Now that the City of Detroit has declared bankruptcy, one of the most critical questions will be what assets will be put on the table to pay creditors – and what assets, if any, will remain inalienable, that is, not capable of being sold. You see, there are moves afoot to sell off priceless paintings and artworks from the Detroit Institute of Arts to pay off the city’s debts. The stash of assets include works by Bruegel, Caravaggio, Rembrandt and van Gogh.
Normally the market value of large art collections is not calculated except as needed for blanket insurance policies. But now that a pack of hungry creditors wants to be made whole, many people are starting to look yearningly at the estimated $2 billion that could come from liquidating the museum’s collection, or substantial portions of it.
The whole scenario is of a piece with other enclosures driven by finance capitalism. The investor class has gone way beyond privatization; now it wants to use the debt crisis to gain outright ownership of public assets and start charging for the use of them. As economist Michael Hudson has put it, cities are selling sidewalks and citizens have to start paying to walk on them.
The fate of the Detroit Institute of Arts’ collection will say a great deal about how far we Americans are willing to go in monetizing our cultural heritage. Museums are supposed to act as permanent trustees of a community’s priceless heritage. Donors are willing to give works to museums only because they believe that the works will be there forever, and not sold off to satisfy some unrelated financial claim against the city. In other words, the artworks held in trust for the public by a museum are supposed to be treated as the priceless heritage of the citizenry, beyond any market valuation. That principle may be breached very soon.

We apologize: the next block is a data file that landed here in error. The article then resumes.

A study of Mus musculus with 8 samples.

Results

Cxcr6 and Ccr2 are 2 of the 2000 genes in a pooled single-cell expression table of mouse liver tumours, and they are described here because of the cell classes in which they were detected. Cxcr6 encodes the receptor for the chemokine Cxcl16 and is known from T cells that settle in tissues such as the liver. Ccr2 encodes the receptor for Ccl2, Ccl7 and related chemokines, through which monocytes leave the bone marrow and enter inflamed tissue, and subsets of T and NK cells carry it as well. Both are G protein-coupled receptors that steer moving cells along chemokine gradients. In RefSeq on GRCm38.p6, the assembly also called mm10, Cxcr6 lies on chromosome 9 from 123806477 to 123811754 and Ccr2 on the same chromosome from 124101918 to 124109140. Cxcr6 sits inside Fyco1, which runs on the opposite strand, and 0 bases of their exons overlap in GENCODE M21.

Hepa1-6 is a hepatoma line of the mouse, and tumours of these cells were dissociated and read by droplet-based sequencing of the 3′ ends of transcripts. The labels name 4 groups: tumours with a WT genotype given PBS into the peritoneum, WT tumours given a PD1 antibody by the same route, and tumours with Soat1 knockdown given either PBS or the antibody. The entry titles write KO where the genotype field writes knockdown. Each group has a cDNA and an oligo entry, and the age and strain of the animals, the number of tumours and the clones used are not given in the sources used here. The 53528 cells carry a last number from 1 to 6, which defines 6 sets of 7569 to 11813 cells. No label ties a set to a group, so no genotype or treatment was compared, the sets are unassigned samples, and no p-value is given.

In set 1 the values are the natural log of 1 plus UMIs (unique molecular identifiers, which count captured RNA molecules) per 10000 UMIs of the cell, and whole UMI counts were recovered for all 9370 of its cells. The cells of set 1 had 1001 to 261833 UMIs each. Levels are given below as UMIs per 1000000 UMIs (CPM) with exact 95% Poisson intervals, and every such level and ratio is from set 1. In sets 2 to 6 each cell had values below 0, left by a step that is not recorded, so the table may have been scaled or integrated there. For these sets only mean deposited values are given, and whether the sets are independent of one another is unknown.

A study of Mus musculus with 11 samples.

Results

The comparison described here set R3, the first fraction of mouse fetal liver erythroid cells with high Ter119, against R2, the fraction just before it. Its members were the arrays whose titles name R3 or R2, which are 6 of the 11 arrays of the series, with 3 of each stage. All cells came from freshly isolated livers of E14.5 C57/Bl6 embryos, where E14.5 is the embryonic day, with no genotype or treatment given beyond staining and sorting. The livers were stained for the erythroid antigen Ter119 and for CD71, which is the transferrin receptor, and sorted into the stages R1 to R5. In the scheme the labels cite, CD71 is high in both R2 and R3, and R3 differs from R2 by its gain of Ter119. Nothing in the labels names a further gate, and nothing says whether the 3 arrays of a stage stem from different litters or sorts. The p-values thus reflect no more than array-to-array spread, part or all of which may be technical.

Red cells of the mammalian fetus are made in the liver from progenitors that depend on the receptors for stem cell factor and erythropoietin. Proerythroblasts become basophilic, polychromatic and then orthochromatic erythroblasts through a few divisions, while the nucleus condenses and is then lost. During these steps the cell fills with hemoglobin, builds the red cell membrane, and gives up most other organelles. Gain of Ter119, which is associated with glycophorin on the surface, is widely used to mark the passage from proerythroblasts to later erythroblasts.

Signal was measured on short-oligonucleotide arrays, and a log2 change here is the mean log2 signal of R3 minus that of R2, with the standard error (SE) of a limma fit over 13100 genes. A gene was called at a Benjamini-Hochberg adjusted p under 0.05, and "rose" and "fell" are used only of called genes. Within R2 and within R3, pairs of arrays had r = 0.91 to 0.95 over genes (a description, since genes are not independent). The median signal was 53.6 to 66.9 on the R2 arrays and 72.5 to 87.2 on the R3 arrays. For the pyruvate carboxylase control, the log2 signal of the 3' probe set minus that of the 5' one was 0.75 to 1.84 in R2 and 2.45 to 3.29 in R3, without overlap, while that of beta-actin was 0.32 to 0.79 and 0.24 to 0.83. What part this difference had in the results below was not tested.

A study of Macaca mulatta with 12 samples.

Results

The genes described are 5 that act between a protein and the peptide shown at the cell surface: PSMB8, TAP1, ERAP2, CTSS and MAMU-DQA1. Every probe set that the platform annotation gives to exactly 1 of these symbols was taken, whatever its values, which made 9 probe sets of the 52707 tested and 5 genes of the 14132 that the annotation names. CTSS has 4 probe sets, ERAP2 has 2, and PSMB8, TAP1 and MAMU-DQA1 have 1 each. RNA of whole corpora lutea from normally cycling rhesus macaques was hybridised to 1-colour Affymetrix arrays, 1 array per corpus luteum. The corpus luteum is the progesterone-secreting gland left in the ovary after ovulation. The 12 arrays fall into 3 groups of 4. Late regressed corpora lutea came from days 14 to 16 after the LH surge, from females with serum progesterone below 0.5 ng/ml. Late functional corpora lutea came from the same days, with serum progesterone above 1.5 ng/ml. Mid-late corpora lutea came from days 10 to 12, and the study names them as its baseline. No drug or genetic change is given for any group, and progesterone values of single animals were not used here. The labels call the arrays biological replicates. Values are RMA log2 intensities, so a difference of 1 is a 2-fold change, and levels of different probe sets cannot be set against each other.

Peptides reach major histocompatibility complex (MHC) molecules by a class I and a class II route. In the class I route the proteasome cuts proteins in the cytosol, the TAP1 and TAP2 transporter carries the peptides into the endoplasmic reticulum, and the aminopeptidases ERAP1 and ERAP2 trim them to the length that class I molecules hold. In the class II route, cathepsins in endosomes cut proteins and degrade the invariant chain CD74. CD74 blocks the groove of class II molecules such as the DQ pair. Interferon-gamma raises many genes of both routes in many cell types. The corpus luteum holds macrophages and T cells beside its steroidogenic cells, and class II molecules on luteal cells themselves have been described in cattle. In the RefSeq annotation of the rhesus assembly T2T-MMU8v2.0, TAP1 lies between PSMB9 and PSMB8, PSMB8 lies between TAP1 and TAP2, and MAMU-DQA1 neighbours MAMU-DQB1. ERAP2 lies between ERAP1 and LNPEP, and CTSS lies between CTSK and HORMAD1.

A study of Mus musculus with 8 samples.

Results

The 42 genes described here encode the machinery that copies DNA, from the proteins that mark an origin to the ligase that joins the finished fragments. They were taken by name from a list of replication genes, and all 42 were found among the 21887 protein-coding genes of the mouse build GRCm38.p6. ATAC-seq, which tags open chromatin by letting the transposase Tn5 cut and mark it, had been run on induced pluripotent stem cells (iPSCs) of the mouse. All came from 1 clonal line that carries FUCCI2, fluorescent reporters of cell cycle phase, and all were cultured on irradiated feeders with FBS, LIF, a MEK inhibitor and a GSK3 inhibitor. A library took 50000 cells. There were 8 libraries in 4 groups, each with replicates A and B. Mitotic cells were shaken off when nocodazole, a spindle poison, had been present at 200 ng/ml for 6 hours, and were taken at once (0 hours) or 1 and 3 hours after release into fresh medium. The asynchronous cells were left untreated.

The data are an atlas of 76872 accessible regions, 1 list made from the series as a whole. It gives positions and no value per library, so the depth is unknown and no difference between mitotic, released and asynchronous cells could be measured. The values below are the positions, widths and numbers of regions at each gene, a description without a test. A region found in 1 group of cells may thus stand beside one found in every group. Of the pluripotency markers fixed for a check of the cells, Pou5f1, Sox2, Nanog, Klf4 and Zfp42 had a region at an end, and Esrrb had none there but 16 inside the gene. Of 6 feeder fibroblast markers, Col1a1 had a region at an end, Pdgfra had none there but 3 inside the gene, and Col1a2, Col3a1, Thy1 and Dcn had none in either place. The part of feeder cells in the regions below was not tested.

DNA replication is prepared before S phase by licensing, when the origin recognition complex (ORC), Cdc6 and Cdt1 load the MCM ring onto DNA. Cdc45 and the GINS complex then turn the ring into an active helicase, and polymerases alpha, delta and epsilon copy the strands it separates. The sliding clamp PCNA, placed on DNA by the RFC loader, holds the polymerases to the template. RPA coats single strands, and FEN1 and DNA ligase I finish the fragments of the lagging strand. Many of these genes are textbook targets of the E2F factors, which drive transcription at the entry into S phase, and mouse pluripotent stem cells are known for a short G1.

For more to this topic, read the excellent 2001 book Playing Darts with Rembrandt: Public and Private Rights in Cultural Treasures, by Joseph Sax, the law scholar who famously revived interest in the public trust doctrine in the 1970s. The book raises the question of whether we have the right to throw darts at priceless works of cultural heritage even if we “own” them as private property.
Now we will have a test on whether the public’s rights in its cultural patrimony is something that the law and public officials will take seriously. Creditors are trying to cast the decision as one pitting measurable benefits like the city’s pensions against less tangible, concrete benefits like preserving cultural treasures. In this kind of tradeoff, the mighty dollar wins.
It seems very unlikely that the “intrinsic value” standard of artworks will carry the day. Bankruptcy courts are more accustomed to making grubby calculations about economic value. As the, the question facing a bankruptcy judge would be whether the sale of a city’s artworks would have long-term economic implications – depressing tourism, harming real-estate values and the value of other cultural institutions, for example – in a way that sets a city up for financial failure again down the road.” In other words, the secondary economic effects of a sell-off would trump the primary cultural effects.
A former director of the Detroit Institute of Arts, Samuel Sachs II, noted, “If you could sell of Detroit’s hospitals and its universities, would you do that, too? If you do things like this, you’re basically spelling the end of the city as an ongoing entity.”
But we live in a market-obsessed America, in which market values routinely trump all other ecological, ethical and social values. In this time of market über alles, the idea of the public trust as a sacred obligation to posterity is seen as a quaint throwback. I for one am not so optimistic about the fate of those allegedly priceless treasures at the D.I.A. I think a price is about to be slapped on them.